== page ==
When Miriam Green was growing up in the early 1940s in the newly burgeoning Snowdon district, she remembers the experiences, not all positive, that have nurtured her drive to serve those in need.

Born in Montreal, her parents were newcomers to the city: Polish-born Nathan Green and Anne Shapiro, born in Latvia, met here and with partners he operated a small leather-glove factory.

The family purchased and moved into one of those modest duplexes on Trans Island — they were selling for $7,000 — and with the rent could afford to live in their own home.

Young Miriam was the only Jewish child in the neighbourhood and the anti-Semitic taunts she received from the other children, and the
destruction of her family in Europe during World War II, instilled in her an understanding of what it is to be stigmatized and victimized.

“My mother used to walk me to Iona School and picked me up because the kids would harass me,” she recalled.

These experiences fueled her pioneering work as a social worker and community organizer. Paraphrasing the words of German theologian Martin Niemöller, Green says she realized, “if you don’t stand up for people in trouble, one day you’ll be in trouble and there’ll be nobody there.”

Prime mover in Benny Farm project

Green has always been there for them: Among her achievements, she became the first female director general of a regional social service agency, prime mover in creating the Queen Elizabeth Health Complex and Benny Farm Community Project, and prominent activist in Alliance Québec in the late 1980s and 1990s.

In recognition of her dedication and successful career, Green is among three recipients of this year’s Sheila and Victor Goldbloom Community Service Award. It recognizes those who have strengthened Quebec’s English-speaking communities and built bridges among all Quebecers. The awards will be handed out at a gala October 27.

She studied at the High School for Girls on University Ave., then McGill University where she obtained her B.A, in literature and philosophy and her Master’s of Social Work, graduating in 1960. She married the same year and had two sons.

Her first job was with psychiatric patients at the Verdun Protestant Hospital, today the Douglas Mental Health University Institute. After travelling with her then husband, a medical resident, for his advanced training in the U.S., she returned to Montreal and began working with the Family Service Association, which merged to become part of the Ville Marie Social Health and Social Services Centre.

Because of her managerial skills she rose to become the first woman director of a Quebec social service centre in 1989.

Green took early retirement in 1995, but never stopped working: She was asked to be a top manager for the Regional health board. “They created a position for me, making me responsible for English health and social services. They had 300 staff and they had nobody who knew anything about what was happening in the English-speaking world.”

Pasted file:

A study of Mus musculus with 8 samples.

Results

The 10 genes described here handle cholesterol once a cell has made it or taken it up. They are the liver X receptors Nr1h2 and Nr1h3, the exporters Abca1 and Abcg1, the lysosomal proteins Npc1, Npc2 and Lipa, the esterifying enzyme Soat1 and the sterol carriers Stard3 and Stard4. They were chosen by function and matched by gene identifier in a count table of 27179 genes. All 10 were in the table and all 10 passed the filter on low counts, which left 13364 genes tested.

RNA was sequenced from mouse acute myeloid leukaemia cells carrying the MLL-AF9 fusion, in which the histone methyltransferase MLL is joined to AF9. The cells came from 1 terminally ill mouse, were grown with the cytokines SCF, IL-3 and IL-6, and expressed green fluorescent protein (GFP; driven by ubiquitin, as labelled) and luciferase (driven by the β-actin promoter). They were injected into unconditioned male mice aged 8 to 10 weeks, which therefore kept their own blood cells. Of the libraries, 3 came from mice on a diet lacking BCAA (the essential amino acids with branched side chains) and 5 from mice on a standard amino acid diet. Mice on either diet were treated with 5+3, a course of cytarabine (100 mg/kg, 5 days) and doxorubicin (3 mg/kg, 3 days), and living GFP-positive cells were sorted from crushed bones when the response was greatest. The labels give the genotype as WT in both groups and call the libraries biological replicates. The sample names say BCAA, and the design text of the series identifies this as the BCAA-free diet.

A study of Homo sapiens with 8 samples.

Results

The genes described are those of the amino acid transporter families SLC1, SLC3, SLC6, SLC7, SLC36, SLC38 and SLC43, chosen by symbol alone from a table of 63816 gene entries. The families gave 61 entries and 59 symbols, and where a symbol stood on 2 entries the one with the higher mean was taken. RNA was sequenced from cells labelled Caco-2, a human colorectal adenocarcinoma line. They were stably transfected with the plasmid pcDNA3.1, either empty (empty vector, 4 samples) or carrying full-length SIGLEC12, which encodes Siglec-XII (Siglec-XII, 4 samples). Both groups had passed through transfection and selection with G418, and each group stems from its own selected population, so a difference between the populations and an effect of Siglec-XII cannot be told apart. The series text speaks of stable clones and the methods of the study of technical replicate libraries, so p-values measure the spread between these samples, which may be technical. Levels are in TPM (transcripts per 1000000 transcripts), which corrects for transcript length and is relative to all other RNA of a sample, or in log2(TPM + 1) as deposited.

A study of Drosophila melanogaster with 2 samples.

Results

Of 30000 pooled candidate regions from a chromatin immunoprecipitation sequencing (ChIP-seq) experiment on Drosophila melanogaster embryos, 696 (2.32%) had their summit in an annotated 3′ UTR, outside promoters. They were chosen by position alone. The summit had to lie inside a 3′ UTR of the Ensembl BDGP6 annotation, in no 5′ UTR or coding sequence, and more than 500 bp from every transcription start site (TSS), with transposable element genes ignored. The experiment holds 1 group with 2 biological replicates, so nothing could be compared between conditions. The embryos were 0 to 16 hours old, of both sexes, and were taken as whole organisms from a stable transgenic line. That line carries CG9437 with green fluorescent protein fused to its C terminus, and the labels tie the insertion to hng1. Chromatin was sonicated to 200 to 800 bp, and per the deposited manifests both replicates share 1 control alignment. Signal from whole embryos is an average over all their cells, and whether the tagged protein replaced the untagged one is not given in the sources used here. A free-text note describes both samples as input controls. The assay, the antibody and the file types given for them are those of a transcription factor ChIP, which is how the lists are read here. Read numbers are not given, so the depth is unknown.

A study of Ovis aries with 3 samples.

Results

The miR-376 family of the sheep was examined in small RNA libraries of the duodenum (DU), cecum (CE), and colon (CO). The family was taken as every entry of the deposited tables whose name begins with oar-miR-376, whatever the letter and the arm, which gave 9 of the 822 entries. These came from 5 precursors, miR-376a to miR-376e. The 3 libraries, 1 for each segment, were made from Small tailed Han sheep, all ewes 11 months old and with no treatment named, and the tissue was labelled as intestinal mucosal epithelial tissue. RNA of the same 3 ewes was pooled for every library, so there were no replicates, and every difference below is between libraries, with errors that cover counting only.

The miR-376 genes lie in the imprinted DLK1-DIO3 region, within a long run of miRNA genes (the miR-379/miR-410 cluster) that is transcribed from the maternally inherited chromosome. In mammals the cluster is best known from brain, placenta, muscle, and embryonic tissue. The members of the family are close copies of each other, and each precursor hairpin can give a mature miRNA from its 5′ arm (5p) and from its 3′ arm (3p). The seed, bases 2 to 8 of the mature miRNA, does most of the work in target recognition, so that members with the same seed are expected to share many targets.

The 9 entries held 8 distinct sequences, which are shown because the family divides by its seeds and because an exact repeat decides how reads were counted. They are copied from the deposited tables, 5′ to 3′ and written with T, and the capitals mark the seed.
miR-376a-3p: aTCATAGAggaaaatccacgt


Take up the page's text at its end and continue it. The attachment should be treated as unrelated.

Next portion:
During that time she served on the boards of the Douglas and Montreal General hospitals, where she started a quality-assurance committee, then an innovative step, to measure the quality of medical services.

“Now it’s a standard thing, then it didn’t exist,” she remarks.

Green lived in San Francisco in the early 1970s  where she became aware of the specific health and social service needs of the gay community. As a result she began to educate professionals here about gay issues.

“One member of a lesbian couple, who had split with her husband to co-habit with a woman, came to family services for help on how to raise her son. As a result, I started organizing sessions to teach our staff about things gay.

“I remember being called in the middle of the night to deal with a crisis and having to leave my husband and two sons.” Green recalled.

She lobbied Quebec for funding and was involved with issues surrounding the first child born in Canada with HIV.

Green started gay support groups and stepped forward to religious communities to help them understand and accept homosexuality, developed educational programs in schools, and spoke to medical students about  gay-specific issues.

In recognition of her work, the Conseil Québéois LGBT has decided to award her its Prix Honoris this year, equivalent to its hall of fame.

At one point in her career, Green became involved with Alliance Quebec as a volunteer and presided over often-stormy public meetings even as she was working at Ville Marie.

In the 1990s she was instrumental in helping transform the Queen Elizabeth Hospital into an independent non-government funded health centre.

‘Dedicaton to community’

Dr. Mark Roper, chief physician at the centre, lauds Green’s “managerial skills, personality, and dedication to the community” in helping with the transformation.

Green also played a leadership role in developing the  Benny Farm Community Project, resisting pressure to build condos there.

After years of lobbying and negotiation, the land and buildings in western NDG retained their non-profit mandate and became a multi-purpose community, which includes a senior residence and a residence for those with severe handicaps.

Despite her active professional life,  Green finds time to enjoy the Laurentian community of Ste. Adolphe de Howard and winters in Puerto Vallarta, Mexico.

In spite of worrisome political developments affecting health and social services, including the loss of local control of institutions, Green says she remains positive and optimistic.

“There are still possibilities for advancements and improvements in the world,” she says, with a smile.